By John M. Benjamin and Helen Ryan
On Monday, 3 October 2022, the new Secretary of State for Digital, Culture, Media and Sport (DCMS) Michelle Donelan announced that the United Kingdom would be replacing the General Data Protection Regulation (GDPR) with its own business and consumer-friendly system.
In her speech, Donelan claimed that GDPR was “limiting the potential of [UK] businesses” and stated, “it is time we seize this post-Brexit opportunity fully and unleash the full growth potential of British business.” Donelan further called for a “bespoke, British system of data protection” to ensure that the UK breaks free of EU bureaucracy.
This is part of the current government’s desire to break free from the EU and provide what it believes to be a more attractive business environment. One of the pillars of this growth strategy is to attract companies that are heavily involved in data sciences, which it sees as an important part of a vibrant gig economy.
Notably, the announcement is likely to affect the Data Protection and Digital Information Bill. The Bill contains a slew of amendments to the UK’s current data laws and regulations but its second reading in Parliament will be paused and possibly withdrawn while the government re-evaluates its stance on data protection.
Since coming into effect on 25 May 2018, the GDPR has been a target for the UK government in an attempt to distance itself from the EU; however, this is not without its risks and the announcement has sparked fresh uncertainty for businesses and controversy amongst privacy activists. Further, ensuring continuous data flow between the EU and the UK was one of the central parts of the EU Withdrawal Agreement and was heavily fought over particularly due to the closeness of the UK Intelligence services with its counterparts elsewhere in the world. The new system would force businesses to comply with multiple data protection regimes, thus increasing the administrative and financial burdens for businesses rather than curbing it. This is likely to be viewed by multi-national organisations as an unwelcome burden for little practical benefit.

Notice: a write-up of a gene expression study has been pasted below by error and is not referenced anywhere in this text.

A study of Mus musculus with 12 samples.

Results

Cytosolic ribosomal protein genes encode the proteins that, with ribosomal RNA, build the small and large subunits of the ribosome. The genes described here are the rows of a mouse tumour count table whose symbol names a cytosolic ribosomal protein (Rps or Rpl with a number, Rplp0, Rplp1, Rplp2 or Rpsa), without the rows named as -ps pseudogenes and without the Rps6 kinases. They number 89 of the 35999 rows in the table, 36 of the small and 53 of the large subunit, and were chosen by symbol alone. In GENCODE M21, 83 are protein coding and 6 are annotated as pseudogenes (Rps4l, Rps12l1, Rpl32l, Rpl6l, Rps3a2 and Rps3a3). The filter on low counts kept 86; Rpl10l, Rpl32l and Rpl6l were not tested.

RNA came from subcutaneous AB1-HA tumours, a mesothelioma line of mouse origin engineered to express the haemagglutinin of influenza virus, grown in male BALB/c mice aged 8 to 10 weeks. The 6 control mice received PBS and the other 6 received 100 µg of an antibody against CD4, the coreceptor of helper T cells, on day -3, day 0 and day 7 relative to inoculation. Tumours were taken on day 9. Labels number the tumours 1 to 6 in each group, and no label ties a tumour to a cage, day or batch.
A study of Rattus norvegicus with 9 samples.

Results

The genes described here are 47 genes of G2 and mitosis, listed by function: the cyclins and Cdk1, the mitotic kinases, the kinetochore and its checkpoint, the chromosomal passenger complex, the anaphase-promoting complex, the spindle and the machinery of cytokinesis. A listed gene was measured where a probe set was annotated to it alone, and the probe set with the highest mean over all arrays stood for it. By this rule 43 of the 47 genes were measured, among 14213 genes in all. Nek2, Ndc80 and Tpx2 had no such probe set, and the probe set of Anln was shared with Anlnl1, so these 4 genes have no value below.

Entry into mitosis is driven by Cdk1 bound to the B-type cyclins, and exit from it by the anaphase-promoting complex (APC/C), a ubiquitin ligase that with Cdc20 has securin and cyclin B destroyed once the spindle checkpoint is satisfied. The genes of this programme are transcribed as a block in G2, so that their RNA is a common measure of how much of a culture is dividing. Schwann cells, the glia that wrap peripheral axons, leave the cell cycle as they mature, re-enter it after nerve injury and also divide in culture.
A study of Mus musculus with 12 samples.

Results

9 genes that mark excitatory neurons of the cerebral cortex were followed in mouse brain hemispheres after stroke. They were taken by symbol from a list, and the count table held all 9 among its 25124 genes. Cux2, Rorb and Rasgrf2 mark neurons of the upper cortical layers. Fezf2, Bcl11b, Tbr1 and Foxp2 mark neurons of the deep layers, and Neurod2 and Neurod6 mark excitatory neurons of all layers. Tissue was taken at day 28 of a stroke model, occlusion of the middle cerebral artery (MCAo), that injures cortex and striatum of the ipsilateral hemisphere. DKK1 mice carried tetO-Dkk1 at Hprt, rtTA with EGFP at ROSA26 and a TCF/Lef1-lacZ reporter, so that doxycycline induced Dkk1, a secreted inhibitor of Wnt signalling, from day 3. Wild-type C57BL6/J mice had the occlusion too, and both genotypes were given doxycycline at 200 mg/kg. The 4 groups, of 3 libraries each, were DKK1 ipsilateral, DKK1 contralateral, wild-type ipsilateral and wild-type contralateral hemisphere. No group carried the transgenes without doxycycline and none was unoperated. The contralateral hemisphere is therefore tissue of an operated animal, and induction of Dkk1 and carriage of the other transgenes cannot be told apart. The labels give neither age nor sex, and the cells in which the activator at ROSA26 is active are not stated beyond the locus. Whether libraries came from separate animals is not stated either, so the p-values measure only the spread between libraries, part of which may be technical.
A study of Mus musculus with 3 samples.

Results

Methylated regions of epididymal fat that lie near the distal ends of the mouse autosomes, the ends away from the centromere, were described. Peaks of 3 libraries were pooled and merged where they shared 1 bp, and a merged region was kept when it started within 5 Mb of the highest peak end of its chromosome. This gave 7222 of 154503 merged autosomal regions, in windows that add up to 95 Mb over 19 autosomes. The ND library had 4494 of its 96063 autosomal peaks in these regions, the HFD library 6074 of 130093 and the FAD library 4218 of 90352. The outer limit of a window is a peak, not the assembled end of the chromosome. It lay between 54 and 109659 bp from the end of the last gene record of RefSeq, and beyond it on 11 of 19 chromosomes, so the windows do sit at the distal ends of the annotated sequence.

Privacy activists see it as a way of eroding the fundamental human rights of UK based individuals.
Whilst Donelan claims that the new system will free businesses from “lots of unnecessary red tape”, a complete departure from EU GDPR standards could harm the UK’s ‘adequacy status’ granted by the EU and complicate the way UK’s businesses operate in Europe.
‘Adequacy status’ refers to the 2021 decision by the EU which has determined that the UK provides adequate protection for personal data collected and transferred from the EU to the UK under EU GDPR. The benefit of the status is that there is no need for businesses to put in place bespoke agreements for personal data flows to the UK.
Thus, ‘adequacy status’ is viewed by many as vital for UK businesses as it ensures economic and financial growth. The Chair of the Standards and Privileges Committee, Chris Bryant MP echoed this concern stating, “UK companies will still have to abide by GDPR if they want any online business in the European Union (as other non-EU companies already do).”
The UK’s adequacy status will be up for review by the EU in 2025, but the EU has made it clear that it can revoke the status at any time if the UK government skews domestic data protection away from ‘essential equivalence’ with GDPR.
Therefore, if the UK wishes to ensure economic and financial growth, it must take a nuanced approach to its redrafting of its data protection laws. The government has cited Israel, Japan, South Korea, Canada and New Zealand as model countries that the UK will base its system on as they have achieved data adequacy without having GDPR. This is promising as it suggests that the UK government does not intend to take an irrevocable step from essential equivalence with GDPR.
Ultimately, the true impact of the new UK data protection system remains ambiguous. Whilst the UK government plans to promote flexibility for businesses and reduce its regulatory burden, many issues remain surrounding the practical effectiveness of deregulation and indeed the benefit to individuals.
However, the government’s vision of the UK becoming a “bridge across the Atlantic” and the “world’s data hub” suggests that the new data protection system will promote economic growth and enable the UK to cement itself as a key global player for data protection.